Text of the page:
Information for Students


Study Abroad

Participating in a study abroad program is a significant and exciting part of completing a university degree. Past students often tell us that their time abroad was the best part of their education. When you study abroad, you take classes at a university in another country. You can study abroad during the summer, during winter break, for a semester, or for the entire academic year. All programs are for credit and financial aid and scholarships are available. Generally speaking, students are not allowed to travel for UNLV related purposes to countries with a State Department Travel Warning.

Countries with Travel Warnings Study Abroad

Getting Started

  • Step 1: Visit or call the Office of International Programs and sign up for one of our daily Study Abroad 101 sessions. Bring the completed Study Abroad Goal Setting Form with you and be sure to check out our study abroad programs before the session.
  • Step 2: After you've attended the Study Abroad 101 session, you're cleared to have a one-to-one meeting with a study abroad advisor. Call for an appointment and bring the completed Program Planning Form with you.
  • Step 3: Apply to a study abroad program. This checklist will help you understand the main tasks to complete before you depart.

National Student Exchange

Undergraduate students can also participate in the National Student Exchange (NSE), which waives out-of-state tuition for students to study for one or two semesters at participating universities in the United States and Canada. All programs are for credit and federal financial aid is available for the U.S. locations.

To learn more about NSE, call to set up an advising appointment with Rhonda Groce, our NSE Coordinator.

National Student Exchange


Research Abroad

When graduate students go abroad for academic purposes, it's usually for research. Whether it's for thesis or dissertation research, independent study, or your MFA international requirement, the Office of International Programs can guide you. Funding is available from International Programs for credit-bearing research or study. Also consider applying for nationally competitive scholarships, such as Fulbright (see below).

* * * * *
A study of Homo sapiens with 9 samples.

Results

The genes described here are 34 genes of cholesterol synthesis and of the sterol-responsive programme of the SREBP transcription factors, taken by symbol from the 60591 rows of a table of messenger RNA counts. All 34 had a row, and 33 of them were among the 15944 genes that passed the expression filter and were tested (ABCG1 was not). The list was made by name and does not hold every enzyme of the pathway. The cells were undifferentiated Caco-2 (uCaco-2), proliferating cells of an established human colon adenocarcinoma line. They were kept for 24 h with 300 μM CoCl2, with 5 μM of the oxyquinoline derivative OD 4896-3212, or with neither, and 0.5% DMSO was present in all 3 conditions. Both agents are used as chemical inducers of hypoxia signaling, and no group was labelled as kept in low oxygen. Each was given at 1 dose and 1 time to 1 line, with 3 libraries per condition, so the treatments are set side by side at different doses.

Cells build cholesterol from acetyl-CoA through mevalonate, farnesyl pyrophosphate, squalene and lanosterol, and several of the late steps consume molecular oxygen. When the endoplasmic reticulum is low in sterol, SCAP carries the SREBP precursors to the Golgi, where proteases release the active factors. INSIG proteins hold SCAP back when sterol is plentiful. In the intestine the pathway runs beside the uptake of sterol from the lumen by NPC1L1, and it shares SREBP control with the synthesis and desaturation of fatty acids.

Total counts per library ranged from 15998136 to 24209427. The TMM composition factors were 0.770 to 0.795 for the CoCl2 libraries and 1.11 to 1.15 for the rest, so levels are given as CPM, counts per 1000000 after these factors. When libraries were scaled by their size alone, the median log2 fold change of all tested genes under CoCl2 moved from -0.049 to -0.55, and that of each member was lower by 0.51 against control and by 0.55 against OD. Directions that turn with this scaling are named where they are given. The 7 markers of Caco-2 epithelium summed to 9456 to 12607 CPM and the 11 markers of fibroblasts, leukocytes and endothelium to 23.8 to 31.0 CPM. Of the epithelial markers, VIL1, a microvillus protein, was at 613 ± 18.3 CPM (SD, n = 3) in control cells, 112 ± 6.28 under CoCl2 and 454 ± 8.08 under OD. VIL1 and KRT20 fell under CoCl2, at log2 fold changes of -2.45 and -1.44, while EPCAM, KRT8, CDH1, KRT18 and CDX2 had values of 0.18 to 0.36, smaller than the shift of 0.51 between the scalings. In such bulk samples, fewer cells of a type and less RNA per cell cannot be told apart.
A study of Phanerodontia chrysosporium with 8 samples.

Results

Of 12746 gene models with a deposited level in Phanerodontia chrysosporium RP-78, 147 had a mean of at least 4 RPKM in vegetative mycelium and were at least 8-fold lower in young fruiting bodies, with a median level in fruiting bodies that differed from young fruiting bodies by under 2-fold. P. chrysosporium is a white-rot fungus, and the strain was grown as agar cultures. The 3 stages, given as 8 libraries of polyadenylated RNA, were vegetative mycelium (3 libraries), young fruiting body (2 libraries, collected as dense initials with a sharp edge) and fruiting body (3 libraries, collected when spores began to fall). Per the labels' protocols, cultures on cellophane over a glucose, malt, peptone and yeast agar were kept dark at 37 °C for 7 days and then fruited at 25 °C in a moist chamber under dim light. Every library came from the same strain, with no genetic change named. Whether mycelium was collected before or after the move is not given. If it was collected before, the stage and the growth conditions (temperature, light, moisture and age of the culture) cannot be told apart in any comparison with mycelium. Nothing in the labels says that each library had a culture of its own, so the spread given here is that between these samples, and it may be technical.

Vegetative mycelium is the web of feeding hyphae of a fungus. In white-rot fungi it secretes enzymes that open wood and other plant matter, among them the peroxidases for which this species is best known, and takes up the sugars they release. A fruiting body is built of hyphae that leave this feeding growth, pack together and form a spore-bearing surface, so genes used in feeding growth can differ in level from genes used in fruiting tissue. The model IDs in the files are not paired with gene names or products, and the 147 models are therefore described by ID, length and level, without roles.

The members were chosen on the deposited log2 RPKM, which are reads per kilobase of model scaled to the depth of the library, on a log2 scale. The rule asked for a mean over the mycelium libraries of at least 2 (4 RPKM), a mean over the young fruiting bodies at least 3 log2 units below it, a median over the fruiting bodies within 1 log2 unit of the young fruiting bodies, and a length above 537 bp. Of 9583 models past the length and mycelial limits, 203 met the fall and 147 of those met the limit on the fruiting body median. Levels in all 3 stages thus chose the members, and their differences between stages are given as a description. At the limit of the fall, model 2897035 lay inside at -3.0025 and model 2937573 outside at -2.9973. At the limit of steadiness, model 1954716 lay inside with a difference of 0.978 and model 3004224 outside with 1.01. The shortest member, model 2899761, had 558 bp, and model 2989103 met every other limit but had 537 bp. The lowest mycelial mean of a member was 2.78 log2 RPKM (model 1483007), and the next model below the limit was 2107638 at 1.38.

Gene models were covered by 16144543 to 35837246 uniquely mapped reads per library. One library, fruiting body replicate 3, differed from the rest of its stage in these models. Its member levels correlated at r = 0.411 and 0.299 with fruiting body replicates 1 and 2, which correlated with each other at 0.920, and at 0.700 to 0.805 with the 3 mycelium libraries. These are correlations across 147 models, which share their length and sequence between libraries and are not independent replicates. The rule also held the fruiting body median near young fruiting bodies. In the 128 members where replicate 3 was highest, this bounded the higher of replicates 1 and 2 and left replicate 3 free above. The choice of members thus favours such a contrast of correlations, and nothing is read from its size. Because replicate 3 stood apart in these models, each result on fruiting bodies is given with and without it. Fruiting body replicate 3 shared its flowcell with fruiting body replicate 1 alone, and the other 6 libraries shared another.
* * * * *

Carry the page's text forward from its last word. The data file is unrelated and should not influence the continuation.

Getting Started

  • Step 1: Think about where your research will take you. If the State Department has your destination under a travel warning or alert, you will likely need to change your plans.
    Countries with Travel Warnings
  • Step 2: Consult with your graduate advisor. Is it logistically and methodologically feasible for you to conduct your research abroad?
  • Step 3: Make an appointment to meet with an International Programs advisor and submit the International Programs Packet.

Study Abroad

Traditional study abroad is more common at the undergraduate level, but on occasion, some graduate students participate in undergraduate study abroad programs, particularly for intensive language training. Sometimes graduate advisors may be open to allowing grad students to receive graduate credit while studying abroad, but it's rare. Instead, consider scholarship programs for study, such as Fulbright, the Critical Language Scholarship, and the Boren Fellowship (see below). Speak to an advisor at International Programs for more details.

Study Abroad

Nationally Competitive Scholarships

The Office of International Programs Director and Associate Director serve as your campus advisors for scholarships administered by the Institute of International Education (IIE), including the Fulbright US Student Scholarship, the Critical Language Scholarship, and the Boren Fellowship. For more information, call for an advising appointment at 702-895-3896.